Here's the d'var Torah I wrote in 2007 for this week's portion, originally published at Radical Torah.
The Lord spoke further to Moses: Speak to Aaron and say: No man of your offspring throughout the ages who has a defect shall be qualified to offer the food of his God.
No one who has a defect, Torah tells us in parashat Emor, may offer the korbanot, the offerings which draw us near to our Source. No one who is blind, or lame, or has a limb too short or too long; no one with a broken limb, neither a hunchback nor a dwarf, no one with a growth occluding his eye, no one with a scar. No one who has suffered from scurvy or had his testes crushed. Such a one may eat the the bread set-apart to God, the holy and the most-holy -- but he may not draw near to God.
These verses make up a kind of list-poem, an incantation of physical maladies, bookended with the refrain reminding us that anyone who has a defect of any kind must not play a role in making offerings to God. This is forbidden, and would profane the holiest place.
It's tempting to read these verses allegorically. No one who is blinded to the difficult realities of suffering, one might say -- no one who is unwilling to walk a mile in the shoes of another -- no one who twists her being into imbalance may be permitted to make offerings to God. No one who understands himself to be irredeemably broken. No one hunched by anxiety and fear, no one shrunken of spirit, no one whose vision is impeded by the unwillingness to see. None of these people may act as priests on our behalf, because they do not allow themselves to be whole.
That's certainly one way to read this passage. It's one I even like. But it doesn't feel like enough.
I think of the generations who have read and cherished this text, and I imagine how many of them were halt or lame, how many had spines twisted or lungs sickly, and I wonder what reading this passage meant for them, how it damaged their sense of who they might be. I remember the cruelty of eleven-year-old girls, confronted with a classmate who had a foreshortened limb, and how their barbs sting even now, so many years after their insults were lofted in the chalky classroom air.
In the days of the sacrificial system, we were obsessed with perfection. In this week's portion too we read that in order to be acceptable, an animal must be "without blemish; there must be no defect in it. Anything blind, or injured, or maimed, or with a wen, boil-scar, or scurvy -- such shall you not offer to Adonai." Sound familiar? Torah has the same expectations of our offerings as it does of those who offer them. God wants only whole beasts, unblemished, the finest in our flocks and herds.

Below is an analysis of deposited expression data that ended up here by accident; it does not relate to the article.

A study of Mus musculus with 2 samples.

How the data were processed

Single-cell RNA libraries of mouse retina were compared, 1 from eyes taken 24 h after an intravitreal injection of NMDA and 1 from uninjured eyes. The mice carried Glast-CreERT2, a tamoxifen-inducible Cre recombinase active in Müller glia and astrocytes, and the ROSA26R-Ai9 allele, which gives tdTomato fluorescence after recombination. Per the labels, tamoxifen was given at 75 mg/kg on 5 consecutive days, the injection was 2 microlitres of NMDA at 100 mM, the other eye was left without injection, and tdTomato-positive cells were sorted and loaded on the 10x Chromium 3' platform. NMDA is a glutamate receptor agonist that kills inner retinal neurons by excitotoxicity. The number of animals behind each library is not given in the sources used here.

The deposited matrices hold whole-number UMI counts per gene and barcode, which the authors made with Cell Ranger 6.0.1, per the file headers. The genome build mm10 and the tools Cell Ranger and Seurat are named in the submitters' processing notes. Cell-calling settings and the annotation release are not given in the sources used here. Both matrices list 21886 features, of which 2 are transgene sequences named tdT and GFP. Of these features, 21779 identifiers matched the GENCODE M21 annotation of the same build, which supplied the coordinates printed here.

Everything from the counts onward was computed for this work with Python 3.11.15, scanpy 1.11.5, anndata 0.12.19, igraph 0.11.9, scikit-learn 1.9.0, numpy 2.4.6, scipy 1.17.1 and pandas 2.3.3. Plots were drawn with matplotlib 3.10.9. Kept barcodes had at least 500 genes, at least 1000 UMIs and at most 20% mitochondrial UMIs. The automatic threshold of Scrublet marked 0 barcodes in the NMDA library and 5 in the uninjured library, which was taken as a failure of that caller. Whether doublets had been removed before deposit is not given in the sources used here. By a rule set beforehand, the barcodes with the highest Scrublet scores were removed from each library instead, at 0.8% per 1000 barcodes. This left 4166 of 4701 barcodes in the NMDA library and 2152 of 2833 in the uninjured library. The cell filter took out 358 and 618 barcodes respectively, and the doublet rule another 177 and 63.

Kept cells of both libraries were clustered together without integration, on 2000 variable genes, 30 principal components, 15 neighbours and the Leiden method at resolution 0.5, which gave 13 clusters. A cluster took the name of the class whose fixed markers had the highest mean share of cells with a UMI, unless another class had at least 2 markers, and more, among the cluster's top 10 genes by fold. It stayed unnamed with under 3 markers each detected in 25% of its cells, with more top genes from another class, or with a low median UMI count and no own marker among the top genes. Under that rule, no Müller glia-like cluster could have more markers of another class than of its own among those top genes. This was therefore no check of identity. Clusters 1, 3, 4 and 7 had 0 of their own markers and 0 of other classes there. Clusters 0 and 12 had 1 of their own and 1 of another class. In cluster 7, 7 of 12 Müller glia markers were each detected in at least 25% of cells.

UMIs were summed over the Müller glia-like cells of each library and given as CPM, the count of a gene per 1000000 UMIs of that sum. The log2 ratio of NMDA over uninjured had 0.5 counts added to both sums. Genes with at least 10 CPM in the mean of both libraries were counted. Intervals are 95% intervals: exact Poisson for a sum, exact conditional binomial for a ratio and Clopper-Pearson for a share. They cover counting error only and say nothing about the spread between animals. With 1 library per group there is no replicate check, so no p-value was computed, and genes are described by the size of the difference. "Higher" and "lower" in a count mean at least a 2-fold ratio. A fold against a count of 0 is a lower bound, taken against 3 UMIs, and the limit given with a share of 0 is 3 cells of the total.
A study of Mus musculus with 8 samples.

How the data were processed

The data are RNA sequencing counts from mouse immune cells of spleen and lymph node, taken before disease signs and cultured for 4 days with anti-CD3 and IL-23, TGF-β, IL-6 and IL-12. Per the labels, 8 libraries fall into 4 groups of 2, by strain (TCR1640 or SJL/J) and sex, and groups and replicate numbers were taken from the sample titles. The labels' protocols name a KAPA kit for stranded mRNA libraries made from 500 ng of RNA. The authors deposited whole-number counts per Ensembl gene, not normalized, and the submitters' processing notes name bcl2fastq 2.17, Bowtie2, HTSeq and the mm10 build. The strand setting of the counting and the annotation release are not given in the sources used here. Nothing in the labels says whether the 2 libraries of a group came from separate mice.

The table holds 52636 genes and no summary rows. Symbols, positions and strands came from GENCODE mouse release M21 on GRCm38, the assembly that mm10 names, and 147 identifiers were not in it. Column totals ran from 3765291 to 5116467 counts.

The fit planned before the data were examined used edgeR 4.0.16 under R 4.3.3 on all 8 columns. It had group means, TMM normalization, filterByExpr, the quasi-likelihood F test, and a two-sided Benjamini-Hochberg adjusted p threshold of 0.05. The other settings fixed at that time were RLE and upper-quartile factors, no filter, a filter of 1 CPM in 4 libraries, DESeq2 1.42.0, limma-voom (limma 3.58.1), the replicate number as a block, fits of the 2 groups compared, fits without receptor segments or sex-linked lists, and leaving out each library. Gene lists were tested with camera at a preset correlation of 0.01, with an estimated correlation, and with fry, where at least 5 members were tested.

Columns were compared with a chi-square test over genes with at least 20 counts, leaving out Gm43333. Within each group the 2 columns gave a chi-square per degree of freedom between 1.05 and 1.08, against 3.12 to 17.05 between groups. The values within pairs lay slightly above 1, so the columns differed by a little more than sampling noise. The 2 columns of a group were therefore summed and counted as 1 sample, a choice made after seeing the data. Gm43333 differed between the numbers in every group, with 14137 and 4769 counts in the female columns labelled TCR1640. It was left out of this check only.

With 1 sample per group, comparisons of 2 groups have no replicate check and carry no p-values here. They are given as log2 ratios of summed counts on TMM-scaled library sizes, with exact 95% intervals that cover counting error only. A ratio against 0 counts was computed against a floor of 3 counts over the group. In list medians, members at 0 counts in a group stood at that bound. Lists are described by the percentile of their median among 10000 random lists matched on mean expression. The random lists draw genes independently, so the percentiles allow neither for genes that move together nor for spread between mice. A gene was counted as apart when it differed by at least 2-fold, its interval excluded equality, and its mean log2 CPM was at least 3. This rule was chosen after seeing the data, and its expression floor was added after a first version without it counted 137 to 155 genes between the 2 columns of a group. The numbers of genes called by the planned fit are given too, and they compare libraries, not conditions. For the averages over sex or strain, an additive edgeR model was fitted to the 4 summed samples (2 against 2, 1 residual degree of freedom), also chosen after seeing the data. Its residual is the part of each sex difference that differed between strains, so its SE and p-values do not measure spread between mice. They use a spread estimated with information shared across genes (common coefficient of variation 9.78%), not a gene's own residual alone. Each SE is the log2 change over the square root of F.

Maybe this teaching is meant to remind us not to give God something second-best, something we don't really prize. Maybe we are meant to remark upon the importance of perfection: a perfect God demands perfect offerings, offered up by perfect hands.
But reading this now, all I can think about is just how imperfect we are. Each of us has wounds that matter because they connect with our individual stories; in the aggregate what matters is that we are all broken. Whether or not our aches are visible to the naked eye, I doubt any of us would live up to Torah's regulations here -- even those who ostensibly fit the bill, being of the appropriate gender and descended from the appropriate lineage to match what's described in this week's text.
This week's portion draws strict boundaries around acceptable bodies. Only one kind of body is permitted to play the Temple's most valuable roles; other bodies are pushed outside the bounds of acceptable service. I think of how women still have that experience today, how folk who are trans and genderqueer have that experience, how bodies too small or too large or shaped "wrong" have that experience. And I wonder how the world might be different if we all understood ourselves as called to offer our talents, our prayers, our longing before God -- no matter what kind of bodies we are.
This text is problematic precisely because it privileges a kind of perfection in which ordinary people can't partake. A single burn scar, one leg barely longer than the other -- these are the kinds of imperfections to which we are all heir. Who among us has a body altogether free from blemish, symmetrical in every regard? And who among us has escaped all emotional or psychological damage on this front -- has reached adulthood without ever once disparaging her or his body for the ways in which it fails to live up to our age's supposed ideal?
This week's Torah portion is rife with damaged and damaging understandings of what it means to have a body, and how our bodies can keep us from drawing near to God. I much prefer the Hasidic paradigm of avodah be-gashmiut, serving God through our embodiment -- even if our embodiment is imperfect, sometimes painful, sometimes asymmetrical, not able to live up to our prettiest imaginings of who or what we should be.
May we all find ourselves empowered to draw near to God -- to lay down the offerings of our physical fears and insecurities on the altars of our hearts, and to know that those offerings are accepted and acceptable, especially when they are too small or too big, too crooked or unnaturally straight, deviating from the so-called norm in all of the ways that make us who we are.